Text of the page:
02/04/2015 10:07 EST | Updated 04/07/2015 05:59 EDT

Todd Mosher, Former West Vancouver Cop, 'Disappointed' Hearing Into 'Coverup' Allegations Won't Be Public

"I'm disappointed, I think this is something the public needs to be made aware of."

An ex-West Vancouver police officer who wants a judge to draw up criminal charges against three members of his former force is disappointed the hearing won't be public.

Mosher is trying to launch a "private prosecution," seeking to convince a North Vancouver provincial court judge Wednesday there is enough evidence to lay criminal misconduct charges against one retired and two active members of the West Vancouver police department.

"I'm disappointed, I think this is something the public needs to be made aware of, and I'm hopeful that in the next stage of this process that all the information will eventually come out," said Mosher on Wednesday.

Despite submissions from the CBC and several other media outlets, asking that the in-camera session be open to reporters, the judge ruled the details of the hearing cannot be made public to protect the reputations of the officers while he hears the evidence.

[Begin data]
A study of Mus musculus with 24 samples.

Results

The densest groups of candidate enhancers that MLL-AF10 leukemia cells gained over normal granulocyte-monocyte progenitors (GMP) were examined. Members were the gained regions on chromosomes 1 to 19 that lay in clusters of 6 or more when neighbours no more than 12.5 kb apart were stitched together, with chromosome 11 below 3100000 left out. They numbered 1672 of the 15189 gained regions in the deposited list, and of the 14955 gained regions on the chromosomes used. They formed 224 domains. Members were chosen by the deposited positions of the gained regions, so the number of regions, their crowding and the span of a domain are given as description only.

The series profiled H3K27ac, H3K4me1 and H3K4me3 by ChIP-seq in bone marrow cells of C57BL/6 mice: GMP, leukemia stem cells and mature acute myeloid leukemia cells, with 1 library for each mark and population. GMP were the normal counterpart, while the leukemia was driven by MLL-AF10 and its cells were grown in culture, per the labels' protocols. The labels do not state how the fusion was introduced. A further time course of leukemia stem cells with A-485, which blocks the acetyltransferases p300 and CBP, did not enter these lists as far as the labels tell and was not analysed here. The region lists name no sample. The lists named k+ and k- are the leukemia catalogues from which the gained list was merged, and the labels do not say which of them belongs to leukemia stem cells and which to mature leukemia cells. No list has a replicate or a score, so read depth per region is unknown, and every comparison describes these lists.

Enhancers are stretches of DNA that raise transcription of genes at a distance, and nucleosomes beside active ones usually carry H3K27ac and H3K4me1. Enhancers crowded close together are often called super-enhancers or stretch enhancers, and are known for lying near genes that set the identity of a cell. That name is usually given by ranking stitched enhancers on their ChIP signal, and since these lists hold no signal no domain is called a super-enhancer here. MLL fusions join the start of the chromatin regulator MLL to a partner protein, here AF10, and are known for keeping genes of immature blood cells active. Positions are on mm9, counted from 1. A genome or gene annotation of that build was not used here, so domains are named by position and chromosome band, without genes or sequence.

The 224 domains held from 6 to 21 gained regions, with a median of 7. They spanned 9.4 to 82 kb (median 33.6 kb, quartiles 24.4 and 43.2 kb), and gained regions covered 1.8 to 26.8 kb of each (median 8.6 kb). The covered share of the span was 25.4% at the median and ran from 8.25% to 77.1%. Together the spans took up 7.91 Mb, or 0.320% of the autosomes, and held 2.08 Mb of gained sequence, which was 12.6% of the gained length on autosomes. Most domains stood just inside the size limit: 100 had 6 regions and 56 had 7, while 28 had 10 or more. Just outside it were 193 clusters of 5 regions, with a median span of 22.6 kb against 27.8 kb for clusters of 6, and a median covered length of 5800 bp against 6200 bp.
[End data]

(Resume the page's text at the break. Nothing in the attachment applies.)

Even Mosher can only speak in general terms about the case.

"I'm alleging that there was a coverup," he told reporters.

Previously, he’s publicly claimed he was fired in 2011 for blowing the whistle on issues within the West Van police department, including favouritism, harassment-- and in one case, accusing a fellow officer of skipping work to have sex with a police dispatcher. 

Todd Mosher alleges he was fired from the West Vancouver police department in 2011 for "deceit", but maintains in reality he was terminated "without cause", in retaliation for complaints against his superiors. Then it was covered up.

"I now believe I'm in possession of information that certainly calls into question [my] termination ... information that wasn't acted upon by the West Vancouver police department."

Mosher said he does not want his job back, and does not consider the attempt at prosecution a case of "sour grapes" after losing his job.

He does want transparency and accountability, and to clear his name, he said.

"Everyone wants to shuffle this under the carpet and make it go away."

The West Vancouver police force declined an interview on Mosher's allegations, but said they have previously been extensively reviewed — and rejected — by outside agencies.

In a statement posted on the department's website, West Vancouver Police said they are "aware of an attempt by an individual to file a Private Information at North Vancouver Provincial Court."

"Public comment on this attempted proceeding would not be appropriate at this point," it said.

In an unrelated matter, in 2006 Mosher filed a complaint with the B.C. Human Rights Tribunal claiming discrimination by the police department because he was forced to cut his hair. It was dismissed.